Friedrich von Schiller (1759-1805) was a leading German poet, and a philosopher of freedom. Schiller's work exemplifies the highest standards of ethics and the ideal of the truly educated, multilingual citizen of the world.
Schiller devoted himself not only to self-determination and freedom but also to the brotherhood of all people. The French Revolution borrowed many of Schiller's ideas for its declarations of freedom. Schiller was then made an honorary citizen of France.
His first drama, Die Rauber, was published in 1781. It was performed the next year and its revolutionary appeal gained immediate success. Among Schiller's best-known works is An Die Freude, (Ode to Joy), later set to music by Ludwig van Beethoven in his Choral Symphony. The dramatic trilogy Wallenstein (1796-99) was set in the tumultuous period of the Thirty Years War. The historical drama Maria Stuart (1800) was about Queen Elizabeth I of England and the last days of Mary Queen of Scots, when she was held captive in the Castle of Fothernghay. In Wilhelm Tell (1803), about the Swiss hero of that name, Schiller paid tribute the dignity of men living close to nature. - "The mountain cannot frighten one who was born on it."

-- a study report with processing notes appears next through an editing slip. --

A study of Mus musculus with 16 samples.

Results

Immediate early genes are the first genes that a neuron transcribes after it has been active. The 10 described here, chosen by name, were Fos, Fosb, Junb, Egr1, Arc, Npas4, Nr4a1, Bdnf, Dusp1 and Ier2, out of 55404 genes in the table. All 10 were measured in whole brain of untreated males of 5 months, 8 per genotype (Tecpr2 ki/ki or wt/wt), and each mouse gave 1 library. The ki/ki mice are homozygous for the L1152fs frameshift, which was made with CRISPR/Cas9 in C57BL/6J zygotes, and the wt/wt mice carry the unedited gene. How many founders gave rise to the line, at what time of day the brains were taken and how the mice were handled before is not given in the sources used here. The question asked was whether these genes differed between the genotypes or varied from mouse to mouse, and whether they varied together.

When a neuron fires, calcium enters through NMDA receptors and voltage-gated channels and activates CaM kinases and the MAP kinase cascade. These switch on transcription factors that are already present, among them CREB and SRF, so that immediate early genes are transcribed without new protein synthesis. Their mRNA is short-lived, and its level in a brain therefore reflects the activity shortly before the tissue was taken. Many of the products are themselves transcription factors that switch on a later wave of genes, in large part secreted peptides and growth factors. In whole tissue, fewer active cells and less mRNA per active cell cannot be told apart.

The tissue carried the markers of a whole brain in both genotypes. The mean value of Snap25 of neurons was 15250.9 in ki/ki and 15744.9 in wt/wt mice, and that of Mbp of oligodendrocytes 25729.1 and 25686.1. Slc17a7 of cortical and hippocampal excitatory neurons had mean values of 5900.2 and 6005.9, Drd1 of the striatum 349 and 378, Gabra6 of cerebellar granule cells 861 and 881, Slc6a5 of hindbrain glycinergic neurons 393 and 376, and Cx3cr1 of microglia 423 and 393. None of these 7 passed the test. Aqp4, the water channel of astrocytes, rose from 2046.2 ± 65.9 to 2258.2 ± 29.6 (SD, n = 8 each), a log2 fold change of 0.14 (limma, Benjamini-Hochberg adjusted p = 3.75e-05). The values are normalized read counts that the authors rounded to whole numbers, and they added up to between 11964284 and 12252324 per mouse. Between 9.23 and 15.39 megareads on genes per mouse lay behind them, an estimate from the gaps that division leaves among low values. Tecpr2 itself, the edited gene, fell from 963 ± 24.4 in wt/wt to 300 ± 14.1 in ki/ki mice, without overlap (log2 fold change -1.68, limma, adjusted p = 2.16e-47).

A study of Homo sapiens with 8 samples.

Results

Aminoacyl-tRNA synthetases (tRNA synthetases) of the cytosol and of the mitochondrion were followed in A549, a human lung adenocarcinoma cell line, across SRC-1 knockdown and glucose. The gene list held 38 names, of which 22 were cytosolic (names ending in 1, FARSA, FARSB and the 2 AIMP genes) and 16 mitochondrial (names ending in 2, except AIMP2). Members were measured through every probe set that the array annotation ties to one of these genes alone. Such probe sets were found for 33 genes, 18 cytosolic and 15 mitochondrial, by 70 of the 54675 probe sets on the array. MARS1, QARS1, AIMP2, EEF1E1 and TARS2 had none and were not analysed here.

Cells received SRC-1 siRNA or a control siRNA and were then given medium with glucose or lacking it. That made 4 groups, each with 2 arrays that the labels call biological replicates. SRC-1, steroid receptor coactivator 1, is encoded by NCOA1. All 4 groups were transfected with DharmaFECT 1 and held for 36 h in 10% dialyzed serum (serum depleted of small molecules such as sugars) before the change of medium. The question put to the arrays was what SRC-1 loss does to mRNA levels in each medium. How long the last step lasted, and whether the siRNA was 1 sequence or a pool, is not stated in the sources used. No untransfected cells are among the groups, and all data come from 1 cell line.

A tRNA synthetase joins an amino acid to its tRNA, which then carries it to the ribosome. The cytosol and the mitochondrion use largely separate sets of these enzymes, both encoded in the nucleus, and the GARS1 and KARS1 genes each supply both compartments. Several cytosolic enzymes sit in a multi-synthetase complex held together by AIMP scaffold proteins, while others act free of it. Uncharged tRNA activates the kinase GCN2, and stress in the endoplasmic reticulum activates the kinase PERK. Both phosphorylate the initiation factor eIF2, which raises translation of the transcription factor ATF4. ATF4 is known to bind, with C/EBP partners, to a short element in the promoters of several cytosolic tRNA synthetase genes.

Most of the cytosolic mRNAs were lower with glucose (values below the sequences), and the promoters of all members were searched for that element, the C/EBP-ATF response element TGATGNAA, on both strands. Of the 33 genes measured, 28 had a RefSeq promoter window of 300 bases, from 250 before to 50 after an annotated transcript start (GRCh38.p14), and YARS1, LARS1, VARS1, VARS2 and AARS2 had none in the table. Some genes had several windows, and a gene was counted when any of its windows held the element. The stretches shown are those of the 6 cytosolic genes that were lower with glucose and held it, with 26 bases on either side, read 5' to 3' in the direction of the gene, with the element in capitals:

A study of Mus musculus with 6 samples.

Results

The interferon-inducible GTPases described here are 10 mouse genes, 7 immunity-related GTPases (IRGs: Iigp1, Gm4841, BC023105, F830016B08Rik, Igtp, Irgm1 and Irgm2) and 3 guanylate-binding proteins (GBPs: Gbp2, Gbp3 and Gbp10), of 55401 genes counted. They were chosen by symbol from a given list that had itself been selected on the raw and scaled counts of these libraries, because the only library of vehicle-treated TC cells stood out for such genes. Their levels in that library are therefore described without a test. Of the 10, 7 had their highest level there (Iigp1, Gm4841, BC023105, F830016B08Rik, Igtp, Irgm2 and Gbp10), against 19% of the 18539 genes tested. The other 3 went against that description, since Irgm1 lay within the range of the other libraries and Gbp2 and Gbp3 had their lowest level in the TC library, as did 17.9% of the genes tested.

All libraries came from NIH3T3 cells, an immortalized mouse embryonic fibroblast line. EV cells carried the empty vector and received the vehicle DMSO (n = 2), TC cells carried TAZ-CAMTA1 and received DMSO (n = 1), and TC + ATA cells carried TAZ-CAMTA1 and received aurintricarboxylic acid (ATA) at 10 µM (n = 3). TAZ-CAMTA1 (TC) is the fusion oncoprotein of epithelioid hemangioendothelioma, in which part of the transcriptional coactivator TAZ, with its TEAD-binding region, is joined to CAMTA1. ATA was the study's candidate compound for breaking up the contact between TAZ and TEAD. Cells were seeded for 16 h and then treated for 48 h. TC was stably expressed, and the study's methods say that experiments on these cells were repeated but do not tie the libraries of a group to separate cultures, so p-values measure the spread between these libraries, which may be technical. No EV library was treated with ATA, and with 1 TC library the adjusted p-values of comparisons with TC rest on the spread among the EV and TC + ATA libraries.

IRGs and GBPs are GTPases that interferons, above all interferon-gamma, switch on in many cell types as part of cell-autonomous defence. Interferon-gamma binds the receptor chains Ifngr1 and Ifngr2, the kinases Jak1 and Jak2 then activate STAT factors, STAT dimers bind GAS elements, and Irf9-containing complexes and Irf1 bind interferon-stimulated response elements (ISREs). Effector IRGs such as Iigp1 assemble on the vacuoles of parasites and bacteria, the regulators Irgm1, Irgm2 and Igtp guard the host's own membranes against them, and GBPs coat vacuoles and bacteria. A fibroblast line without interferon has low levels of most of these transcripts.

In 1791 he was forced to give up his professional duties because of illness. In the 1790s Schiller wrote philosophical poems and studies about philosophy and aesthetics. He assisted Goethe in Weimar in the direction of the Court Theater by adapting many plays for that stage. Schiller died on May 9, 1805, at the age of 46 in Weimar.